Most schools remain closed in the capital and southern Luzon provinces, the most densely populated part of the country with about 17 million people. Power has been restored to just over half of the Luzon grid, a transmission agency official said.
Disaster officials are still assessing damage but the coconut-growing Quezon province south of Manila appears to have borne the brunt of Rammasun, which intensified into a category 3 typhoon as it crossed the Philippines.
Tropical Storm Risk, which monitors cyclones, has downgraded Rammasun to a category 1 storm on a scale of one to five as it heads northwest into the South China Sea.
"In the aspect of infrastructure, it looks like Quezon province was most affected," said retired Admiral Alexander Pama, executive director of the national disaster agency.
"As of last night, it looks like there was a lot of damage," he said. An aerial survey would be conducted to confirm reports that about 95 percent of the province was damaged, he said.
Quezon governor David Suarez said the province was preparing to declare a state of calamity. He said officials had confirmed seven people died in the province.
"Last night we had difficulty going around because many trees and fallen poles are blocking highways and roads," Suarez said in a radio interview.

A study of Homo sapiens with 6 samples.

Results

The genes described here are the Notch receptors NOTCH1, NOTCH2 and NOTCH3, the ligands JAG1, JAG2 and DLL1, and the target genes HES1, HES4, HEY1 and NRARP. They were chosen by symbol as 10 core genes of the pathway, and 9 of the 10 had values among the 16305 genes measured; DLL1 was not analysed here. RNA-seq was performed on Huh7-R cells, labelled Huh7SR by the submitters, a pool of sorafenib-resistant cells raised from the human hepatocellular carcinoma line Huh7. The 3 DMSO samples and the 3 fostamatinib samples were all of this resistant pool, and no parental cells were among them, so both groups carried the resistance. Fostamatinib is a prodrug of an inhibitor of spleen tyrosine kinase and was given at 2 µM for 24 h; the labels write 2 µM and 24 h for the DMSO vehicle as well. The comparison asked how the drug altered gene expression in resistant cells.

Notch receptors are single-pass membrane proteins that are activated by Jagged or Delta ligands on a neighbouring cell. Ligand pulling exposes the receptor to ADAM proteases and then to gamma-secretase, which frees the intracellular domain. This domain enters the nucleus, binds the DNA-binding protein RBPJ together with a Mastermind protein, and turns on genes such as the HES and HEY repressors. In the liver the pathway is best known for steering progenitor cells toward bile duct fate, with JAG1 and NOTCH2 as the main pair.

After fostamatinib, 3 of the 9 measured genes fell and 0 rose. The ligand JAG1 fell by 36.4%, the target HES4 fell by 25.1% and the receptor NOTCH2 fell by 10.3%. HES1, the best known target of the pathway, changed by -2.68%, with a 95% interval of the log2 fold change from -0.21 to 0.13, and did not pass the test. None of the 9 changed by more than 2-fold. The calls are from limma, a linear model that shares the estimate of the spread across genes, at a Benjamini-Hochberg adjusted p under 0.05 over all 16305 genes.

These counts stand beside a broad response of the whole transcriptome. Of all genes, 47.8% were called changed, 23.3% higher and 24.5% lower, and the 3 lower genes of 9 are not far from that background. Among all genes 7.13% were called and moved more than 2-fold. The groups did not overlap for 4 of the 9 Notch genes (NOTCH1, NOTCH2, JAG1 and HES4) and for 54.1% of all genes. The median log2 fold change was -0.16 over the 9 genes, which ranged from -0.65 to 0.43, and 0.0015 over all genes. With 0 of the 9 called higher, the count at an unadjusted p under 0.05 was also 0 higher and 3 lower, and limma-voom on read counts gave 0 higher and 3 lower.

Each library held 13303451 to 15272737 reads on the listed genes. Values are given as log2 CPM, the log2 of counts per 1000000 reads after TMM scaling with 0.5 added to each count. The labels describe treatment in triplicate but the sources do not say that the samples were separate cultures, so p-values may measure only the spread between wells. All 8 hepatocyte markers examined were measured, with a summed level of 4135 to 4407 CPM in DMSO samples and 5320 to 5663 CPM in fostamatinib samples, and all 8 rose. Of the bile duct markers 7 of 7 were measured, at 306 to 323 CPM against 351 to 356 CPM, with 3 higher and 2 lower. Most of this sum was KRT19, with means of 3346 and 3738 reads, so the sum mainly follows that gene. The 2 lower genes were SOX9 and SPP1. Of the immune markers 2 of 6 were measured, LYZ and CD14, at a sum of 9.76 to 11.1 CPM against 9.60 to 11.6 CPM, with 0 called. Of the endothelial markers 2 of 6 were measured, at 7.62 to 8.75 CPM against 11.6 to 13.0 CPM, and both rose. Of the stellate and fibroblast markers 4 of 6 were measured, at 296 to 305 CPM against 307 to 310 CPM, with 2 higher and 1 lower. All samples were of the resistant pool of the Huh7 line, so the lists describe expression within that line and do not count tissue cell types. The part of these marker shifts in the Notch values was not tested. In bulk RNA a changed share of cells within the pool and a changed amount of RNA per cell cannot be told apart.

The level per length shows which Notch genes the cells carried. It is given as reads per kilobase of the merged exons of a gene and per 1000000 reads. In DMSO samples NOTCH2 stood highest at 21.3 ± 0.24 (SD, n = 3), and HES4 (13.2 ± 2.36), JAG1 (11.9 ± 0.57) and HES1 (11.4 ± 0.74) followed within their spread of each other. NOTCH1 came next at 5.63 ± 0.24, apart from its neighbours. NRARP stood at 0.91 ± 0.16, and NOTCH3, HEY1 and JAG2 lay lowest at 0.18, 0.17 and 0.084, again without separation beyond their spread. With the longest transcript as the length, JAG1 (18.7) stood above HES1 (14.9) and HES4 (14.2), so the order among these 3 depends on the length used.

Nationwide, more than 420,000 people were forced out of their homes and into evacuation centres, many in the eastern Bicol region where the typhoon first made landfall, the disaster agency said.
At least 20 people died, most of them hit by fallen trees and electric poles, and five others were missing, the agency said. The number of deaths may rise, with government officials citing new reports of casualties.
Officials said more than half a million people were affected by the typhoon, including some in the central Philippines. The area is still recovering from Haiyan, one of the biggest cyclones known to have made landfall anywhere. Haiyan killed more than 6,100 in the central provinces in November, many in tsunami-like sea surges, and made millions homeless.